Report reveals the six business models behind online copyright infringementMonday, July 2nd, 2012
A data driven study jointly commissioned by Google (NASDAQ:GOOG) and PRS for Music which was undertaken by BAE Systems Detica has identified six distinct business models behind online copyright infringement, with each one having clear commercial purposes.
This new study provides for the first time detailed research regarding the business models that are most commonly used to infringe copyright online. The data demonstrates:
- Advertising, overwhelmingly (86%) from advertisers outside of the mainstream, provides significant sources of revenue for these sites,
- Large numbers of sites also depend on credit card and online payment facilities,
- A small proportion of sites are hosted in the UK with money flowing mostly overseas to countries including Russia, Sweden, the United States, and the Netherlands,
- The type of sites which are growing in popularity and how users arrive at these sites.
This is the first time that copyright infringing sites have been analysed in this way, with the results allowing internet companies, rightsholders and policymakers to better understand the range of responses necessary to tackle the challenge. By understanding these sites’ business models, it is likely that measures targeted at revenue generation may well prove effective in helping stem online infringement.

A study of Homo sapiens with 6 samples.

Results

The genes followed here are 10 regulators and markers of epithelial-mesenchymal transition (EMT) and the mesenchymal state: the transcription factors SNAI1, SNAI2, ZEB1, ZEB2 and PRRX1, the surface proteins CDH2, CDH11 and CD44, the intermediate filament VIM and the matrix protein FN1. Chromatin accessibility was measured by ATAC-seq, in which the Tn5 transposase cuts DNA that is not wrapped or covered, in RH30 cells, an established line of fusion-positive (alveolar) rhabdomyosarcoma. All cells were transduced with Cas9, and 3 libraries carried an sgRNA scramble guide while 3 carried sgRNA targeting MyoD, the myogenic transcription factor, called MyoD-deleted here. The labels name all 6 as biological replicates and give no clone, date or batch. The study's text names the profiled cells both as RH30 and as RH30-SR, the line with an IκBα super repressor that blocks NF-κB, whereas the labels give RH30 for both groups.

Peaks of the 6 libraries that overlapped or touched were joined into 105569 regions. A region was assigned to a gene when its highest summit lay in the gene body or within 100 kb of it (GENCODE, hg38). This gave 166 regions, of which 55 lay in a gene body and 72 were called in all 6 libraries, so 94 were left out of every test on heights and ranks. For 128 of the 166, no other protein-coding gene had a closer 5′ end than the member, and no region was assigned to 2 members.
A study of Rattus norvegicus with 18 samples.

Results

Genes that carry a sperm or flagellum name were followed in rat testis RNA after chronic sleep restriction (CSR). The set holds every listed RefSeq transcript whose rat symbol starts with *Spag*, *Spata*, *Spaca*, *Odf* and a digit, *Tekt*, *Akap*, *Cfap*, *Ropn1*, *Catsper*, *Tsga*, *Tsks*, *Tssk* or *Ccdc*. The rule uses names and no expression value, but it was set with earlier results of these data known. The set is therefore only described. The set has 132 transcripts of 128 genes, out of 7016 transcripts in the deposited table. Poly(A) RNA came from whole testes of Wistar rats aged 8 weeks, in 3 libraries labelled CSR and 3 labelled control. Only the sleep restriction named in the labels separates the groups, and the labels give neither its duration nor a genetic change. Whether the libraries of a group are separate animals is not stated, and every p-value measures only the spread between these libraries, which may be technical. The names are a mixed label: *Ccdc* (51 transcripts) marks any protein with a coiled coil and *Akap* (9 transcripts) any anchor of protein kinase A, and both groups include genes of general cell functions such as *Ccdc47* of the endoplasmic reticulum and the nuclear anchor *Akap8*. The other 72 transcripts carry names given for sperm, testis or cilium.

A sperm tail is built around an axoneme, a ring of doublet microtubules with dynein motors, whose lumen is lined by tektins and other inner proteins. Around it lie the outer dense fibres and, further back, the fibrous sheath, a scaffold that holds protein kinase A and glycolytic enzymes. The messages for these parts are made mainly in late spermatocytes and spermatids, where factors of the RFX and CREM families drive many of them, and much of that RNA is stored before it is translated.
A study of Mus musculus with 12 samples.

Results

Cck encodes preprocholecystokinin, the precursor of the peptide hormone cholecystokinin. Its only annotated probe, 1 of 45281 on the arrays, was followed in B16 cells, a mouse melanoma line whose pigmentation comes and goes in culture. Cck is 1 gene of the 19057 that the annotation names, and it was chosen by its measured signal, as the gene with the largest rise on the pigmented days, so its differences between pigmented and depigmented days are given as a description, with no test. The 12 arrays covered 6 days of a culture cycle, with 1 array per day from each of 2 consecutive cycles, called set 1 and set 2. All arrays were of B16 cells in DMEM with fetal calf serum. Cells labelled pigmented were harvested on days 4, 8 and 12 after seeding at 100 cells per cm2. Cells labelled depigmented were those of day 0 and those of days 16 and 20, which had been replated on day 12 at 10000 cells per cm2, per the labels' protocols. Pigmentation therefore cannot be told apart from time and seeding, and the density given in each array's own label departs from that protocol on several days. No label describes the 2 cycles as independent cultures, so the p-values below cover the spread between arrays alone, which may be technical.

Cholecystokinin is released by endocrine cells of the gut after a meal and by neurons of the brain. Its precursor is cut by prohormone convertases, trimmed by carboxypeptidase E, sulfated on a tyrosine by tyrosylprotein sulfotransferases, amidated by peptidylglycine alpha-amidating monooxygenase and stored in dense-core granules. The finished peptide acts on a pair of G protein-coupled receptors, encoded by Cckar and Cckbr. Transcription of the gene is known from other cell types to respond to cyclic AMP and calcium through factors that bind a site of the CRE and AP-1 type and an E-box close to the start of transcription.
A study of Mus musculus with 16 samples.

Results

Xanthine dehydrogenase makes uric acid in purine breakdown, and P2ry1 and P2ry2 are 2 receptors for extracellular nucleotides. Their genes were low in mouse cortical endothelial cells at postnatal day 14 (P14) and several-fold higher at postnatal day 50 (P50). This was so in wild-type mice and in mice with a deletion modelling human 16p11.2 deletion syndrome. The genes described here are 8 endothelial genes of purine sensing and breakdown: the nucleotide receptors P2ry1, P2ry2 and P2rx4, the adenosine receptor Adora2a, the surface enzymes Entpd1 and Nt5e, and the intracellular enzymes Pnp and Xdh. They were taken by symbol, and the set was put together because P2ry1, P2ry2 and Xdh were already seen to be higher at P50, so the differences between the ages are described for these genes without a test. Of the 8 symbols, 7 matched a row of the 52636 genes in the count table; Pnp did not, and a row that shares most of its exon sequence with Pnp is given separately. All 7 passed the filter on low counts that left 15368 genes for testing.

Commenting on the report Theo Bertram of Google said: “Our research shows there are many different business models for online infringement which can be tackled if we work together. The evidence suggests that one of the most effective ways to do this is to follow the money, targeting the advertisers who choose to make money from these sites and working with payment providers to ensure they know where their services are being used.”
Robert Ashcroft Chief Executive of PRS for Music added: “This groundbreaking research tells us two things. Firstly sites involved in copyright infringement are businesses with real costs and revenue sources. They receive subscription or advertising revenue, pay their server or hosting costs but fail to pay the creators of content on which their businesses depend. Secondly, not all of these business models are the same, and the Government now has the evidence to understand which policy levers to apply to deal with these different businesses effectively”.